The semi-autonomous islands of Zanzibar have marked the 40-year anniversary of their union with the then-Tanganyika mainland to form Tanzania. Tanzania's president, Benjamin Mkapa, told a packed stadium in Zanzibar that the so-called union government, the legislative and administrative arrangement between mainland Tanzania and the islands known for their tourism, is an example for the rest of the continent to follow.
President Mkapa says Tanzania is one of the few stable countries in Africa, in large part because of the union arrangement between the mainland and the group of islands that make up Zanzibar.
For several-hundred years, Zanzibar was ruled by a succession of Omani sultans who coordinated slave and spice trades along the Indian Ocean.
In January 1964, Zanzibari nationalists, backed by their mainland counterparts, overthrew the sultan in a bloody revolution. Three months later, Zanzibar joined with Tanganyika to form the United Republic of Tanzania.
Under terms of the union government, the mainland is responsible for such areas as defense, immigration, the economy, foreign affairs and internal affairs. The Zanzibar government, which has its own president, has jurisdiction over the islands' education, social, and cultural affairs, among other things.
But some analysts say that while most Zanzibaris agree in principle with the idea of union with the mainland, in practice some arrangements do not benefit Zanzibaris like they benefit mainlanders.
The chief whip of the main opposition party, Civic United Front, Abbas Muhuzi, says taxes set by the mainland government often discriminate against Zanzibaris, whose incomes tend to be less than those found on the mainland.
"So if the mainland says that this [good or service] should be charged 35 percent, and the economy is strong, the people there can pay for that 35 percent," he explained. "Here in Zanzibar, people cannot pay and then we have to follow our brothers there."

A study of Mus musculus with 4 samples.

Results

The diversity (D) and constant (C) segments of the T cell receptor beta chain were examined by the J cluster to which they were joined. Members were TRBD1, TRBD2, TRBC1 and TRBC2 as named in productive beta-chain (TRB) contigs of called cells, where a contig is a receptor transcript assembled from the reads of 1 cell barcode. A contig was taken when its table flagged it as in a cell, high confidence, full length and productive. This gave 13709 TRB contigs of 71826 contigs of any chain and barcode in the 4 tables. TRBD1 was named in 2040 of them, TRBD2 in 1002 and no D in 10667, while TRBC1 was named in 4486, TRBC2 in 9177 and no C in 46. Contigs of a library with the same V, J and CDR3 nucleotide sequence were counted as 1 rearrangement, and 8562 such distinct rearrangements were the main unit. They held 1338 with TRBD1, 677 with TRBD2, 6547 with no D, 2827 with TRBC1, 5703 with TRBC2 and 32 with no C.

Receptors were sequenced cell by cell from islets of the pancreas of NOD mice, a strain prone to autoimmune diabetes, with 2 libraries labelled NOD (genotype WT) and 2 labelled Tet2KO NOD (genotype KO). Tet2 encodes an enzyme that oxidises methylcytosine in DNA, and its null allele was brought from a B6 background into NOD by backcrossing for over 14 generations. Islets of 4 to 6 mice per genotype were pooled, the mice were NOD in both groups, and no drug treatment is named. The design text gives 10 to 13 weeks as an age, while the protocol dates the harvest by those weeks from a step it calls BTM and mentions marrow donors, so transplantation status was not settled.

Mr. Muhuzi claims the bureaucracy of the two-government structure is cumbersome and causes delays in certain policies being enacted and implemented.
He also says that, if elected in Zanzibar's upcoming 2005 election, his party will ensure Zanzibar has its own flag so that Zanzibaris can have their distinct identity.
Observers say the Zanzibari government is sensitive to criticisms of the union. In his anniversary speech, President Mkapa said those who want to dismantle the union are, in his word, stupid.
The leader of Zanzibar's Council of Imams, Farid Hadi, says he was arrested in March and accused of firebombing a police car during recent violence on the island.
Mr. Hadi told VOA that, once in captivity, officers questioned him constantly about a recent talk he delivered in which he criticized the January 1964 revolution as being bloody and violent.
In his words, the anniversary event was not to be celebrated, but something to be ashamed of because of the events leading up to the union government's formation.